Transporter 2 (2005)

transporter_2I’ll admit, I was not a fan of “The Transporter.” Granted, I’m a big fan of Jason Statham, the man drips bad-ass whenever he’s on-screen, but as far as “The Transporter” went, it just wasn’t that good. This sequel however, is something I truly enjoyed. It’s better than the original, and obviously, it’s a big plus, because I want to like these movies. This sequel attempts to add more humanity to Frank, while dispensing of any annoying sidekicks, so this time, he has no women who follow him around, and he has no assistants to dispense with the one-liners. Frank, as a favor to a friend, has agreed to drive around a child on his spare time. He picks the young boy up from school and drives him around for his parents. He’s also managed to bond with him, as you’d guess.

Now, Frank finds himself personally entangled yet again in his job, as the young boy is kidnapped. Blamed for the crime, he has to prove his innocence, keep his promise to the child to rescue him, and keep himself alive. But when the plot turns out to be something bigger, Frank has to kick more ass to get answers. Statham is just Statham here. There’s no Oscar worthy performances, no dramatic turn of events, it’s just Statham doing what he does best. And that’s why I’m a fan. He grunts, grumbles, and hands people their asses. As I figured from the beginning, this sequel is a pure rip off of “Man on Fire,” involving this man who has to protect this kid who’s parents are aristocrats and play prominent roles in politics, find themselves in a kidnapping plot, and now this tough man has to save the child whom he inadvertently grew fond of.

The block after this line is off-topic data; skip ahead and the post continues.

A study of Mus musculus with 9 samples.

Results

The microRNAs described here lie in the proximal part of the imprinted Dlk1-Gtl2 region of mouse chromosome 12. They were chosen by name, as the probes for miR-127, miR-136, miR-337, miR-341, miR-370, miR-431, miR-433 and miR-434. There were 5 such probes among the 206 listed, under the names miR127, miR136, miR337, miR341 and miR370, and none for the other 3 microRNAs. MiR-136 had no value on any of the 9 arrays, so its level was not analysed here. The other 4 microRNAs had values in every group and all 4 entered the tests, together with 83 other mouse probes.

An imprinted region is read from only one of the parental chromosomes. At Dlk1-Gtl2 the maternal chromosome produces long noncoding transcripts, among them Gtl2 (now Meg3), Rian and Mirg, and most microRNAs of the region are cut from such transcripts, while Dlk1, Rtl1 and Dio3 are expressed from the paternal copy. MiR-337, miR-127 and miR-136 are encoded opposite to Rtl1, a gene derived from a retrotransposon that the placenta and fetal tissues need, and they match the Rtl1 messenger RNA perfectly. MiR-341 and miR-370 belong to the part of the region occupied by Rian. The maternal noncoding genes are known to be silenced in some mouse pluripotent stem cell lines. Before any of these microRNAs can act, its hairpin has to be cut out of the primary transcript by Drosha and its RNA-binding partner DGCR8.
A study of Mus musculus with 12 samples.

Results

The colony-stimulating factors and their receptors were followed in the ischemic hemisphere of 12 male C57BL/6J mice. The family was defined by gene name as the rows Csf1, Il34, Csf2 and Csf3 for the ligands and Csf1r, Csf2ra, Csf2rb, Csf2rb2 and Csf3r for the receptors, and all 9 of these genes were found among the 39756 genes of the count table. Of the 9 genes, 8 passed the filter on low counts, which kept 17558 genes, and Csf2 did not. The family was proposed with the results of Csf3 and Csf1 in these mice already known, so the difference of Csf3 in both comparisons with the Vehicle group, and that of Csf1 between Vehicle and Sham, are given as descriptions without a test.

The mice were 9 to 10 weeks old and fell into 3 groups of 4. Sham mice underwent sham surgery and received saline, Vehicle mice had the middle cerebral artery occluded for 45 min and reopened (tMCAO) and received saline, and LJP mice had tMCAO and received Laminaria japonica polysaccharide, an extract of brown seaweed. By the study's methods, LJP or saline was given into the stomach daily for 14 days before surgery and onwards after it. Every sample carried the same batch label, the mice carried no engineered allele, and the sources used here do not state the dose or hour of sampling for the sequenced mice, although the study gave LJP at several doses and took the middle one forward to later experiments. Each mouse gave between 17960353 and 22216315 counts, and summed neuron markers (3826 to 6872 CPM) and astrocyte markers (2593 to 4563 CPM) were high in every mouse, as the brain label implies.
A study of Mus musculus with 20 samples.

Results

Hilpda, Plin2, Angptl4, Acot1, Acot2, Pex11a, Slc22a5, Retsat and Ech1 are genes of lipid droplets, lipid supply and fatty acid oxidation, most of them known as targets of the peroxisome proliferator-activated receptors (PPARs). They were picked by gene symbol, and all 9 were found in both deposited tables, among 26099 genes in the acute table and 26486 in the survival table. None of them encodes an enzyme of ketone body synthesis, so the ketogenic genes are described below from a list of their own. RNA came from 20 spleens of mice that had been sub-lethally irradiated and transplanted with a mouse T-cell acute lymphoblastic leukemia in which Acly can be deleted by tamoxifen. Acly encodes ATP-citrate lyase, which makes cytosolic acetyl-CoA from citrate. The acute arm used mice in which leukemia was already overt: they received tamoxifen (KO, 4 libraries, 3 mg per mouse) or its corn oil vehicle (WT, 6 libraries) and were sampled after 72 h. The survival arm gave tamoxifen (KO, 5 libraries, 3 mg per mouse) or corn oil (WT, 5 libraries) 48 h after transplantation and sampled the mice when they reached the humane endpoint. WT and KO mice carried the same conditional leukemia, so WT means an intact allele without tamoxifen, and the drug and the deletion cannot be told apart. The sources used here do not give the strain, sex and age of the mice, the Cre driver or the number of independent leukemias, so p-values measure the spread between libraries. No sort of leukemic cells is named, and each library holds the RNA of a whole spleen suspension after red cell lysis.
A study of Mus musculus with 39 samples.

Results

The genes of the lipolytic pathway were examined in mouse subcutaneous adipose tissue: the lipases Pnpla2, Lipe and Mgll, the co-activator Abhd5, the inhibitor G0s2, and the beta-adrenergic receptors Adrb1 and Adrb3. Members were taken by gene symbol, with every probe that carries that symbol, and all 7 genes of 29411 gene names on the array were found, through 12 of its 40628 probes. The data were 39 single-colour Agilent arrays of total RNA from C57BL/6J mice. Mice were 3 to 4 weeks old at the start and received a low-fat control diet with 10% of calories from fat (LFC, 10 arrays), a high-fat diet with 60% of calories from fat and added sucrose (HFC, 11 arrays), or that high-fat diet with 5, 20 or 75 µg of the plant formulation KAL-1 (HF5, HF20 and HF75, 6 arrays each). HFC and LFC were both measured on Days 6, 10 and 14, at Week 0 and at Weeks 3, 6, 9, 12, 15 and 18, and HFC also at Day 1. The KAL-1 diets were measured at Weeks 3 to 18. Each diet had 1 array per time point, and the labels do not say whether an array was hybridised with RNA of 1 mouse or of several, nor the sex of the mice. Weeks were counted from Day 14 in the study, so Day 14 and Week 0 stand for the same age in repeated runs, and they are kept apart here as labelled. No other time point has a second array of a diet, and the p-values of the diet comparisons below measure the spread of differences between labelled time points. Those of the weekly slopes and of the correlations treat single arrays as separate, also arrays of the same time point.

The confrontation in the final scenes between Frank and the mob boss is utterly anti-climactic, and never owns up to the build-up we witness throughout the film. Essentially, “Transporter 2” is nothing but a moving comic book. It’s ridiculous, cheesy, and incredibly far-fetched, but the direction paired with the talented cast makes it an entertaining bit of action escapism. Granted, watching a car flip over a tractor knocking a bomb off its bottom, and seeing Frank fly along beads to fight a bleached blond villainess requires you ignore the stupidity, but I just had a lot of fun. The characters were colorful, the fights were sleek, and Statham is a bad-ass.

One of the positives of this sequel is the addition of Lola. Kate Nauta’s turn as a psychotic “Suicide Girl” with a glock is memorable and well appreciated; she adds a needed dichotomy to the film. The relationship between the boy Jack and Frank is believable and often very charming at the opening, because Frank becomes a much more human entity, especially when he has to save him from dire trappings. “The Transporter 2” is a lot of fun, and I enjoyed it in all its ludicrous devices, and idiocy. Statham is a bad-ass, this is a very good sequel, Statham is a bad-ass, this is much better than the first, Statham is a bad-ass, there’s a simple but very entertaining plot, wonderful stunts, and, oh yes, Statham is a bad-ass.